We can see them down by the water’s edge, a disparate huddle of fluorescent yellow, dark denim. A quad bike. Two guys in orange – a signal to us from them. The sea is murderous today, a lumpen beast falling on the body of the shore. The air is filled with a chaotic roar, and rags of foam tumble through the air like spit from the mouth of a rabid animal. Even to paddle at the edges of this thing would be sufficient grounds for a straitjacket - but to walk in?
I park the ambulance, we haul out the bags and blankets we’ll need and set off down the ramp to the shingle beach. A crowd has gathered on the walkway to watch the action.
Nearer to the group, and we can see a middle-aged white man standing Christ-wise, his arms straight out to the sides, a policeman clamped on either end. Two beach guards are drying and warming themselves up around the quad bike. A young black guy in a long trench coat hugs a briefcase to his middle and stamps around on the pebbles, his coat tails snapping in the wind. A third policeman comes up to us and shouts an explanation: threatened suicide, walked in up to his waist, pulled out by the lifeguards, freezing cold, wet through, can we check him over before they take him off to the cells?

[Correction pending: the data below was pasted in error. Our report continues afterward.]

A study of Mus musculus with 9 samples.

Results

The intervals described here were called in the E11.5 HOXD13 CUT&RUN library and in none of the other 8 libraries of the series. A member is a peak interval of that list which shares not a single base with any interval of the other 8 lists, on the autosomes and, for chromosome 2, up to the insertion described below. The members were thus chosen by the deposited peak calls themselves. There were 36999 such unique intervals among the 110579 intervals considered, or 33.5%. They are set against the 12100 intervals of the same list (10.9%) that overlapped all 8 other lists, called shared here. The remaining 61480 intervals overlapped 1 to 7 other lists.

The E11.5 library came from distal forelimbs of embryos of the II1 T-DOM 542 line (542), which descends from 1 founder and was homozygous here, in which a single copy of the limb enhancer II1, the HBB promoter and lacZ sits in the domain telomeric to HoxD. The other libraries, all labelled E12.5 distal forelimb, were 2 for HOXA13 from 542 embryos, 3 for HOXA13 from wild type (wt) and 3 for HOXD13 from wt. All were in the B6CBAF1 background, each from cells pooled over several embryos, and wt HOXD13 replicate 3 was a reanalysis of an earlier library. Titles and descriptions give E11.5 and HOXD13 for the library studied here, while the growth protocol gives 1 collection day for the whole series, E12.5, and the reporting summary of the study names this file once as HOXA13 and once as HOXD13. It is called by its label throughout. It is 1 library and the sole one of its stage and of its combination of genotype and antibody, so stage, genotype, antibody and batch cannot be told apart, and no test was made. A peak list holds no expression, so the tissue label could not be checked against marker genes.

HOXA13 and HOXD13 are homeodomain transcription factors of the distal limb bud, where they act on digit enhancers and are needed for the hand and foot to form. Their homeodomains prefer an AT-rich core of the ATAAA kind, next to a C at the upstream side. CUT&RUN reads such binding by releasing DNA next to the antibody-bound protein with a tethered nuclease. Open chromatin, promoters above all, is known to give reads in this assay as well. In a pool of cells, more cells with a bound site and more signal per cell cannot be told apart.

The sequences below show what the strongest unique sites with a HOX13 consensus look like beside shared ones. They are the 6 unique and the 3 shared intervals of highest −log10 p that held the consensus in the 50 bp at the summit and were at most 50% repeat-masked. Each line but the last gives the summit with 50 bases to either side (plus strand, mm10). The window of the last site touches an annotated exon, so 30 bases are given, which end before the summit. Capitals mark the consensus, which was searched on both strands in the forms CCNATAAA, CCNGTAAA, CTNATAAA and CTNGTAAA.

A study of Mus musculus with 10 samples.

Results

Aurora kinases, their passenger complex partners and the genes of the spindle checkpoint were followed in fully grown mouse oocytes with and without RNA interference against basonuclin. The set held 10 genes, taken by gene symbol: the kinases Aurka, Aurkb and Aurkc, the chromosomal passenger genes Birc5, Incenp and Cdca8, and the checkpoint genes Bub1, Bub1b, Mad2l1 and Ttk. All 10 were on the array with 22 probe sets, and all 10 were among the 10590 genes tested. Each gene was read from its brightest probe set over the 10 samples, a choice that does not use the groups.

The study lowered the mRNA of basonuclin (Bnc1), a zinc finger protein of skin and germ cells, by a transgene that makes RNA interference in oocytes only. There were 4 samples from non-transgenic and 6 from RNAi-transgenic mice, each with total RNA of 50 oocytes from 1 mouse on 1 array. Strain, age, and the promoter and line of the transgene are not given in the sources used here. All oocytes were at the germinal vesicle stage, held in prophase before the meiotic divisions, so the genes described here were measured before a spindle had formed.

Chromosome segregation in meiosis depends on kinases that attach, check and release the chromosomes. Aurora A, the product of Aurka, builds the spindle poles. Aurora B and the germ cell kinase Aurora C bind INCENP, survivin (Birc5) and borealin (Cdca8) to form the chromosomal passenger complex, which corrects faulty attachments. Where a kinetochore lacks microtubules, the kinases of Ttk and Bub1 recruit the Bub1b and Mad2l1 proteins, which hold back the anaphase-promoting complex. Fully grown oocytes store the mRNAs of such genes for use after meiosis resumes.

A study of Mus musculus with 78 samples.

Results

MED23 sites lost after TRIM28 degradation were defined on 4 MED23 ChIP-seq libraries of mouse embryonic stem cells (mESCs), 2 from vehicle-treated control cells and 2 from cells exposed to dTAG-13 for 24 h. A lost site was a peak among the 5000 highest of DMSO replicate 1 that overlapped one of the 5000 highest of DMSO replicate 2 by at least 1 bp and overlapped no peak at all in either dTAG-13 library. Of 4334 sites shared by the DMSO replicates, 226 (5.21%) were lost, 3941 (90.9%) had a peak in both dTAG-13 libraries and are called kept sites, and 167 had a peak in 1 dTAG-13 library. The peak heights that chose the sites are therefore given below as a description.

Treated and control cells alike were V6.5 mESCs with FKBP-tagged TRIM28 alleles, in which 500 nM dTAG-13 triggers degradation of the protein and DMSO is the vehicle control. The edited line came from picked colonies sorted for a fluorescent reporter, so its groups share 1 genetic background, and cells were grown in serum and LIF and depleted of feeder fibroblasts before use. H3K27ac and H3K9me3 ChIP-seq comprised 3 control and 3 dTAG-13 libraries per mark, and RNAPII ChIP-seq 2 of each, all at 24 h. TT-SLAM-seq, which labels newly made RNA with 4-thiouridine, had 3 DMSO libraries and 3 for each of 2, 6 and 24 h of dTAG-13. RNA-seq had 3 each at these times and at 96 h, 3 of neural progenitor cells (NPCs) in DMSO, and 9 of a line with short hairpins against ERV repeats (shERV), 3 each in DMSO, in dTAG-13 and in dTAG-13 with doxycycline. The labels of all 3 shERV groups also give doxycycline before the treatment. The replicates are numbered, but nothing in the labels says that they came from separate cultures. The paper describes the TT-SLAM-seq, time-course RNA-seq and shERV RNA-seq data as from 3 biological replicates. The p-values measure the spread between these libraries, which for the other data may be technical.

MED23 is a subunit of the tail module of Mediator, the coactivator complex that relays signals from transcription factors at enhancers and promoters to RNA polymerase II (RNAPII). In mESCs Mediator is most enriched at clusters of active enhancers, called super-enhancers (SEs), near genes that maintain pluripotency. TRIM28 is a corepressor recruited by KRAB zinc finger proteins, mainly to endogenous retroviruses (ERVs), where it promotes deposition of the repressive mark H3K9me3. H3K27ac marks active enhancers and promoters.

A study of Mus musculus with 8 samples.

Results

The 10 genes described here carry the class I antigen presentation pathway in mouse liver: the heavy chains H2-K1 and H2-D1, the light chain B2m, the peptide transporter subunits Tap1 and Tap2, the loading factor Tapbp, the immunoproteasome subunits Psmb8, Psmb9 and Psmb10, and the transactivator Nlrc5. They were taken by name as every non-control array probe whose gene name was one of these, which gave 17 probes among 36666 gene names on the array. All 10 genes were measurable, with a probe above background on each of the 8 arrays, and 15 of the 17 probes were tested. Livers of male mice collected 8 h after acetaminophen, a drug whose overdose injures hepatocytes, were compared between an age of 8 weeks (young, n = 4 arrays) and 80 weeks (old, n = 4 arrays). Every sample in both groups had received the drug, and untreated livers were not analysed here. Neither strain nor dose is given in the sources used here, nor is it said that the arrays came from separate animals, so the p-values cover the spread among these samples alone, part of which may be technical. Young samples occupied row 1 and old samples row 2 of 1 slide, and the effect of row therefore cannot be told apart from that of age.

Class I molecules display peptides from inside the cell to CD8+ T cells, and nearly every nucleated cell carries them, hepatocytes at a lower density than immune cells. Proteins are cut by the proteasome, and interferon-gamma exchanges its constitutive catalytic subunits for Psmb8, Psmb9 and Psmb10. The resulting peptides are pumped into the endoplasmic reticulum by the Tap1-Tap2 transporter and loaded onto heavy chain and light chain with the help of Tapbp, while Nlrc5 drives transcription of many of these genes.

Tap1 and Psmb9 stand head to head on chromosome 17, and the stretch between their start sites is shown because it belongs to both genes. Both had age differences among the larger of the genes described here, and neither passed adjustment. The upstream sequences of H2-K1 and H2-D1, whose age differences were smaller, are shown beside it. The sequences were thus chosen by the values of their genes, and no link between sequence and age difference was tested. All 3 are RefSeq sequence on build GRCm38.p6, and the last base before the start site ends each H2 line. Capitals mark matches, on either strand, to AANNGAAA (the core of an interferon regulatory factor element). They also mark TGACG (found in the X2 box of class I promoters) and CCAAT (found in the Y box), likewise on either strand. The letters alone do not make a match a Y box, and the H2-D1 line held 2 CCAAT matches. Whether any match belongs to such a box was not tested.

The man starts trying to pull away from the two policemen, who have to readjust their grip and their stance to control him.
‘I want to die,’ he shouts. ‘Let me go. You can’t do this.’
His face is flushed red, slapped with cold, his walrus moustache matted with water and snot. Everything about him is sopping wet – his denim jacket and jeans, his trainers, his stripey woollen jersey, saturated, hanging.
‘Come on, mate. Let’s get you into the warm.’
‘Let me go.’
The man in the trench coat stands off. I go up to him. I guess that the two men are probably a couple, but I need to make sure. I nod and smile as I get up close, then lean in to shout above the wind:
‘Are you related?’
He looks sideways at me.
‘Related? Are you mad? I’m black! He’s white! Of course we’re not related!’
‘No, no. What I meant to say is: are you partners?’
‘Yes, we’re partners. Yes, we’re gay. So shoot me! Oh my God!’
‘Apart from walking into the sea, has your partner done anything else to hurt himself? Has he taken an overdose?’
‘No. He’s not that stupid.’
‘Stupid enough to walk into the sea, though.’
‘That really was stupid.’
‘So what happened?’
‘What happened? We came down for a break. Some break! We had a stupid argument – I can’t even remember what. He said he didn’t want to carry on. Said he was going to drown himself in the sea. So I said fine, and went off to get some help. When I came back he was up to his waist.’
‘Did he go under at any time?’
‘No. He just stood there til they pulled him out. God knows what I’m going to tell his mother.’
The police start to march the man up the beach, but he resists, crumpling at the knee and collapsing to the shingle. The other policeman goes to help. They half carry, half drag him up the beach, sprawling and wriggling between them, until finally they land him on the concrete of the promenade, laying him gently down, like some giant, sad, strangely-marked starfish for the crowd to wonder at.